Paying the Price
Energy companies can face financial penalties when things go wrong
When companies don’t follow the AER’s rules, they face enforcement. Our enforcement tools can include shutting in operations, more frequent and detailed inspections, more stringent planning requirements, and even prosecution.
Another tool is the administrative penalty.
The AER can impose this financial penalty under more than 10 pieces of provincial legislation. The amounts differ under each one, but all are based on the seriousness of the offence—which we refer to as a “contravention”—and how it impacts public safety, the environment, or production of the energy resource.
In short, the more serious the contravention and the greater the impact, the higher the penalty.
How Contraventions are Assessed
Major: release of a substance to the environment with the potential to cause an impact; failure to report a release; threat to public safety; activity is unauthorized and wouldn’t have been approved; failure to conserve an energy resource; or intentional disregard of requirements.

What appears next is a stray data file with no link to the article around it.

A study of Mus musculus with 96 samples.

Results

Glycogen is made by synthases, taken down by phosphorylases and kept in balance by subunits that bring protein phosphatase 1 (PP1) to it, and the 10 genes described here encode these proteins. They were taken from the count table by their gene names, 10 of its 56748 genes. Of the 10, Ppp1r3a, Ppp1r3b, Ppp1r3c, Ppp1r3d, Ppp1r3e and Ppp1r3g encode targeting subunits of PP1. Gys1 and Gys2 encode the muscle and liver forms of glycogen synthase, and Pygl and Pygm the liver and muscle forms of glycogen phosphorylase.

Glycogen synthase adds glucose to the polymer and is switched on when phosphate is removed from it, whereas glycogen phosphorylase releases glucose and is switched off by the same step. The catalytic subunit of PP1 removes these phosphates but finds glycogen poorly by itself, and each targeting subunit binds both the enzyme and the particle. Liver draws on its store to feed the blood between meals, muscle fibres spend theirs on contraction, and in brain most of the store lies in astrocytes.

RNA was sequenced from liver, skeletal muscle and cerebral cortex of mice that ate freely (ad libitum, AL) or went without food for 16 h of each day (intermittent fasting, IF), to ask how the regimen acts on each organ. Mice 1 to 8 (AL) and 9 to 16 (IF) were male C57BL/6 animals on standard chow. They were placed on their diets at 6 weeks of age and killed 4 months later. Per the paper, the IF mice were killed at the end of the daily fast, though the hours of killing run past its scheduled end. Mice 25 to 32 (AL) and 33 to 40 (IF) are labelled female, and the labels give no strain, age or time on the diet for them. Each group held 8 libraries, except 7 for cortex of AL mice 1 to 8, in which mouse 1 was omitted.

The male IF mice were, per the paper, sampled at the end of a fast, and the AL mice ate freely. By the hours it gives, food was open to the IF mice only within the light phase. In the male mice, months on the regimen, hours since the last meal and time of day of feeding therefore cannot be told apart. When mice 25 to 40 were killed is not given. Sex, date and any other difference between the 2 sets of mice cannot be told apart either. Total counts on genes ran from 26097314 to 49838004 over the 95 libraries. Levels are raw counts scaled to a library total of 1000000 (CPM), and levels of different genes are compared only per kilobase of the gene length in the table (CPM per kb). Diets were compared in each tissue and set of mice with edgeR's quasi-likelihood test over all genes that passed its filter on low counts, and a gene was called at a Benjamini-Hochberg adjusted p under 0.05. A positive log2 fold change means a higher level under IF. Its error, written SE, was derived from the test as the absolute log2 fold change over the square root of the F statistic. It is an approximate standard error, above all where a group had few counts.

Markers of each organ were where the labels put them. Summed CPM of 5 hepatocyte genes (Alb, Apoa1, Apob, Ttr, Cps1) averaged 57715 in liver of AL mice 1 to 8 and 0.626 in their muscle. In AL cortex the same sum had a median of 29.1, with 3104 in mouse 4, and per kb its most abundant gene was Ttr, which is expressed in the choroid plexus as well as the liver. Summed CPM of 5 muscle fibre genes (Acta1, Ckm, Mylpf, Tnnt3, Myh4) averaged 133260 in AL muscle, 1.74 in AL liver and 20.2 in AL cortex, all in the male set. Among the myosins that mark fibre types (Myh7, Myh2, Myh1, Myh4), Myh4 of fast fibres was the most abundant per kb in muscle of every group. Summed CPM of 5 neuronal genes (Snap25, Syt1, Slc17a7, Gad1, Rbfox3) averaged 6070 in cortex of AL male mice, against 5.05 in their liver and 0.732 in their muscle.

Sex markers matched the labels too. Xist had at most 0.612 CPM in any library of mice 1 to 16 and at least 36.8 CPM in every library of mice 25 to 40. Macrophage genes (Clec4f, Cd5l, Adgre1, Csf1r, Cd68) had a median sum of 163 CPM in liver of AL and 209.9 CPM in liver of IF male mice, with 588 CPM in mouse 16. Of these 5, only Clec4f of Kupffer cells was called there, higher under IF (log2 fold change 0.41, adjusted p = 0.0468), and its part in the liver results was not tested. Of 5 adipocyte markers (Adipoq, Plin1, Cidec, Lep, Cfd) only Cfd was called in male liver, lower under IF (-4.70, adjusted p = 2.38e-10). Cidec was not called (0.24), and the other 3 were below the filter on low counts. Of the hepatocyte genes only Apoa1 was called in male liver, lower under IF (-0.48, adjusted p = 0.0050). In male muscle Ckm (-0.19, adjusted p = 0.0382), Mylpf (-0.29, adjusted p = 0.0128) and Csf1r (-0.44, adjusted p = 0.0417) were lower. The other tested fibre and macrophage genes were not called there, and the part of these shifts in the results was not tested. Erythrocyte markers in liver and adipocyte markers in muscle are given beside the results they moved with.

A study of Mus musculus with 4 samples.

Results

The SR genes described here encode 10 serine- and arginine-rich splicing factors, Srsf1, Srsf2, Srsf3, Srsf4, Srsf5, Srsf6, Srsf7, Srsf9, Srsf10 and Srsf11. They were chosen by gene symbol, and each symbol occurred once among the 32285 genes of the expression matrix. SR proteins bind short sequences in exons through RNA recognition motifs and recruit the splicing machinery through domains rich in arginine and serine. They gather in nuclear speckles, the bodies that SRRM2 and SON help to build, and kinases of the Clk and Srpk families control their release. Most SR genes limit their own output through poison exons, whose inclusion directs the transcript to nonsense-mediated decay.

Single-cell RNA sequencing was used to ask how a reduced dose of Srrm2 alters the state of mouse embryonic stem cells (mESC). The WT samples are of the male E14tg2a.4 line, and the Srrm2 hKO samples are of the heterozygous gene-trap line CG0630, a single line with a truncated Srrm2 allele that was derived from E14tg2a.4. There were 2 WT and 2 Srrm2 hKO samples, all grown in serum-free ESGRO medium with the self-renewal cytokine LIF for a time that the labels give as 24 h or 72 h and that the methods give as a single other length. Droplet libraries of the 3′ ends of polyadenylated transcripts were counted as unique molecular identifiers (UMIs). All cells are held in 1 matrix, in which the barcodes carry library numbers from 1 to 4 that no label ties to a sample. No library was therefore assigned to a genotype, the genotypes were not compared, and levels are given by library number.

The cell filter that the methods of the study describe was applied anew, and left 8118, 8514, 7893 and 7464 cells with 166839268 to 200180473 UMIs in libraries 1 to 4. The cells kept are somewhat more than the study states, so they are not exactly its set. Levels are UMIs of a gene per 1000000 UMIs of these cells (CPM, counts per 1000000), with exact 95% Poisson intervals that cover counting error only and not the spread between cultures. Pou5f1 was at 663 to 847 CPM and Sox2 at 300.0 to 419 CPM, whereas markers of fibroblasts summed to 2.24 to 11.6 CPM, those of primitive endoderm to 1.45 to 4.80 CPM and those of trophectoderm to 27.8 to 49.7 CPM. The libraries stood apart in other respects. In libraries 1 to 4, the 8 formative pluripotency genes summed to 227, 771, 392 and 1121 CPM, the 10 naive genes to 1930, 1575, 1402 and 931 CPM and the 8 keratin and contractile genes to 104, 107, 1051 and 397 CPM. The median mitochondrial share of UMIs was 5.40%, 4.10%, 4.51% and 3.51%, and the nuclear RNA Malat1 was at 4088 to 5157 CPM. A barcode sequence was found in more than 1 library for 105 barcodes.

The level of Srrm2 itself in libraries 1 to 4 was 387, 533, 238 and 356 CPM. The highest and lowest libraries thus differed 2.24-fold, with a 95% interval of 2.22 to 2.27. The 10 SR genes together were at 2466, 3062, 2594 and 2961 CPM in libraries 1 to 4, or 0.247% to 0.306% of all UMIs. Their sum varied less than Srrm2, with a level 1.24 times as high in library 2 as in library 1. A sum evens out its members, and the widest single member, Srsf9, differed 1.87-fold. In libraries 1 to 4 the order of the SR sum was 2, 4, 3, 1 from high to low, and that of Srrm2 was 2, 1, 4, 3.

Moderate: failure to meet performance requirements, immediately report a contravention of the conditions of an approval, submit a required report, or perform required tasks in authorization or legislation; or activity is unauthorized but might have been approved.
Minor to none: administrative issues related to documentation (e.g., late submission of a required report).
A Few Examples
Many different situations will result in a penalty. However, to help put things into context, here are a few examples of what actions could result in a penalty if an oil spill occurred. These are only examples, and the AER evaluates each situation individually when deciding how to classify a contravention.